Sales Tactics for Soft Selling | How to sell your products and services without being sleazy | Jenn Wells Design

I’ve read lots of blog posts with titles like, “How to Sell Without Being Icky.” I agree that selling and sales tactics can often feel sleazy, or “icky,” and it doesn’t always have to. But I’ve also drawn a line at what I will and will not do, morality aside.

I had someone refer to my business persona as a “soft sell” and I kind of like that phrasing. I’m not on Facebook posting in groups every day about my super special deal, available for a limited time only! I’m there to get to know people and I post when the topic interests me or I know the answer to someone’s question.

Honestly? I’m much more active in my graphic design group than any others because I personally have more fun there. It’s a side benefit that I learn a ton about how to more efficiently run my business.

So when I make decisions about how to promote myself, I always ask, “What would I, as a consumer, think of this if someone else did it?” It’s simple, but having that small check before I try out some kind of promotional tactic makes me feel more confident in my business’ integrity.

Sales Tactics I DON’T Use

1. Hiding Prices

I’ve read a few times that you shouldn’t make your prices readily available on your website. It’s thought to encourage price shoppers and deter potential customers who would be willing to pay after getting to know you.

But, as a customer, I always use people who have prices available on their website and I have a strong mistrust of anyone who makes me inquire. It makes me wonder if they’re changing the pricing for each customer and if I’m expected to negotiate.

I don’t like negotiating, and I’m not going to do it. So I make my prices available and I make sure everyone who works with me knows they’re getting the same deal everyone else is.

2. Buzzwords

I get so tired of seeing, “BUY NOW!” and “DEAL ENDS IN 2 HOURS!” I do run promos and ads (or at least I should) but I don’t instill a fake sense of urgency. I’m not a car dealership, I don’t use red/black/yellow/the danger colors, and I don’t pretend my deals are in danger of melting away.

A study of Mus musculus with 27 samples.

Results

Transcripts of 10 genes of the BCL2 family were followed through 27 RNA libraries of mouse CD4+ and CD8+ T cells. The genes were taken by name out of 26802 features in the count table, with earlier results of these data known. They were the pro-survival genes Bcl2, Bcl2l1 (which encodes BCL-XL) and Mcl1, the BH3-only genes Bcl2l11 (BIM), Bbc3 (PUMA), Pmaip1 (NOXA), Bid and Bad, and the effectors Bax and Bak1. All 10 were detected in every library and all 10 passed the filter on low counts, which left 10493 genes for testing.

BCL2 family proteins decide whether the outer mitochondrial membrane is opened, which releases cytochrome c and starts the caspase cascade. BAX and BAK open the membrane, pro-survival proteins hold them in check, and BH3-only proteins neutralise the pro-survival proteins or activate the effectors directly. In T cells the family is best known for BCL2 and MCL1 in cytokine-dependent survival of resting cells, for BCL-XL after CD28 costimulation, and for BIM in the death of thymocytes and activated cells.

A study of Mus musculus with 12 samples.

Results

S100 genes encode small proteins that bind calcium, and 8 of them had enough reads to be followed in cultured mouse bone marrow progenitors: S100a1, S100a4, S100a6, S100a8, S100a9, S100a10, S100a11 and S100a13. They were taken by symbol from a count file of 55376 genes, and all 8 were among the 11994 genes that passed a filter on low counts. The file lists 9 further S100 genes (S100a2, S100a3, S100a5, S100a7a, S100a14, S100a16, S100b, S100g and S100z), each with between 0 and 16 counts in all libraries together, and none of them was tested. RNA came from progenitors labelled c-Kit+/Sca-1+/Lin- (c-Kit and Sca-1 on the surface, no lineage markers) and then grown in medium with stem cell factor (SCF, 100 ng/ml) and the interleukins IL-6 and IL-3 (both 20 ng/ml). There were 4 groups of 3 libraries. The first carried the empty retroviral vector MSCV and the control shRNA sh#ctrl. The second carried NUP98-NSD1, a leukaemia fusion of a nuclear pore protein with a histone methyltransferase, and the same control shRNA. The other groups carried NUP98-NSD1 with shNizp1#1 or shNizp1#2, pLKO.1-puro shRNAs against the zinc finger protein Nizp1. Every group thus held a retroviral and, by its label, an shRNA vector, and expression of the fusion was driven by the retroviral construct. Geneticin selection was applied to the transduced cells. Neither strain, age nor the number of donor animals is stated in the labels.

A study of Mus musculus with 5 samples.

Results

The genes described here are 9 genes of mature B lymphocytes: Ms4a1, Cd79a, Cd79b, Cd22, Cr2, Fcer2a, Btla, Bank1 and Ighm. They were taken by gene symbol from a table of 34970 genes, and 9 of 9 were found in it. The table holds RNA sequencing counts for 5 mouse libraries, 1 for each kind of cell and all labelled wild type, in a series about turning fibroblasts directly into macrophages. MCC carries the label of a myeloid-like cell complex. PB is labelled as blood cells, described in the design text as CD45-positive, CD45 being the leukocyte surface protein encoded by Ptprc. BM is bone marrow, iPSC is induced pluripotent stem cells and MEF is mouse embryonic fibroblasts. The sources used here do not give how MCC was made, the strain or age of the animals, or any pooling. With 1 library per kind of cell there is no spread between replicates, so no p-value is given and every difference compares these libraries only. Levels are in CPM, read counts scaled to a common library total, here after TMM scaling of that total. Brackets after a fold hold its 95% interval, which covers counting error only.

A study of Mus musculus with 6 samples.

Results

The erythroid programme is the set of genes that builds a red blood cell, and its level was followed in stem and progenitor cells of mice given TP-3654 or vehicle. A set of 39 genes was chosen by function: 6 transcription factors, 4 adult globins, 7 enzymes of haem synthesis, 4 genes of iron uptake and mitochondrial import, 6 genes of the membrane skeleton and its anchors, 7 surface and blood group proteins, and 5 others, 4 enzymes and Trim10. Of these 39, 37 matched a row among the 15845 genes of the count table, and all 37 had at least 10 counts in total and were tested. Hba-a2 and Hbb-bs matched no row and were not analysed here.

I made the promo, it’s going to run for a month, if you buy it that’s great and if not, that’s ok too.

3. False Options

Think car salesmen and telemarketers. They don’t ask if you’re interested in their product – they jump right in to telling you details and then ask, “Which payment plan would you prefer?” As if it’s a foregone conclusion that you’ll buy right here, right now and your only options are to pay cash or take a loan.

No, just no. Sure, maybe I’d get more customers if I steamrolled over them, but would they be people who actually wanted to work with me? I’m not in business to make millions of dollars, I’m in business because I enjoy it and I want to work with people who will genuinely appreciate what I do.

Sales Tactics I DO Use

1. Content Creation

It’s a subtle tactic and it often feels thankless, but content creation is something I enjoy, that showcases my abilities, and that builds trust. Every Wednesday you get to see what I’m working on. On Fridays you can see fun facts about my field or scoff at the fact that I think fonts and colors are entertaining.

Obviously the downside to content creation is the sheer amount of time it entails, and the competition. But I have a handful of people I follow because they create genuinely good content and I’m hoping to follow their example.

2. Networking, On and Offline

Thus far, getting to know people online has been more fun than anything. I’ve found business friends, and learned a lot of tricks for business optimization and customer management. Offline has been more lucrative as far as clients, but even in that arena I don’t go in thinking of each event as a sales opportunity.

Networking events only started working for me when I stopped thinking of them as a hunt for clients. Now I go in just to make friends and build my referral network. Referrals have been by far the most powerful tool I have and it wouldn’t have come about if I hadn’t gone out and met them.

3. Making Myself Available

I’ve begun making a point of asking people how they found me. The answer I’ve heard the most astounded me. “Oh, well actually I called a couple of other people and you’re the first one who actually called me back.” WHAT?!

I’ll be honest, I’m not even that good at picking up the phone. But yes, I do call people back because why wouldn’t you? That’s just rude not to. I’m not sure if other designers are so busy they can’t keep up with calls or if some of the highest ranking sites are businesses that are no longer in existence, but apparently I stand out by simply responding to customers.

In addition to actually answering the phone, I continually work on improving my SEO and making sure my name is updated on all the different listings of graphic designers. I’ve had someone find me on Yelp, someone else from a list of “graphic design freelancers in Delaware” and a few find my website directly.

It works for me. Something else entirely might work for you, but I think the takeaway here is that you don’t have to follow traditional sales advice. Some consumers will fall prey to psychological tricks, but others are just looking for a business they feel comfortable with. In my case, I hope to always provide the kind of service I’m looking for in others.

What sales tactics do you feel comfortable using? Are you a soft sell person or do you prefer more direct strategies?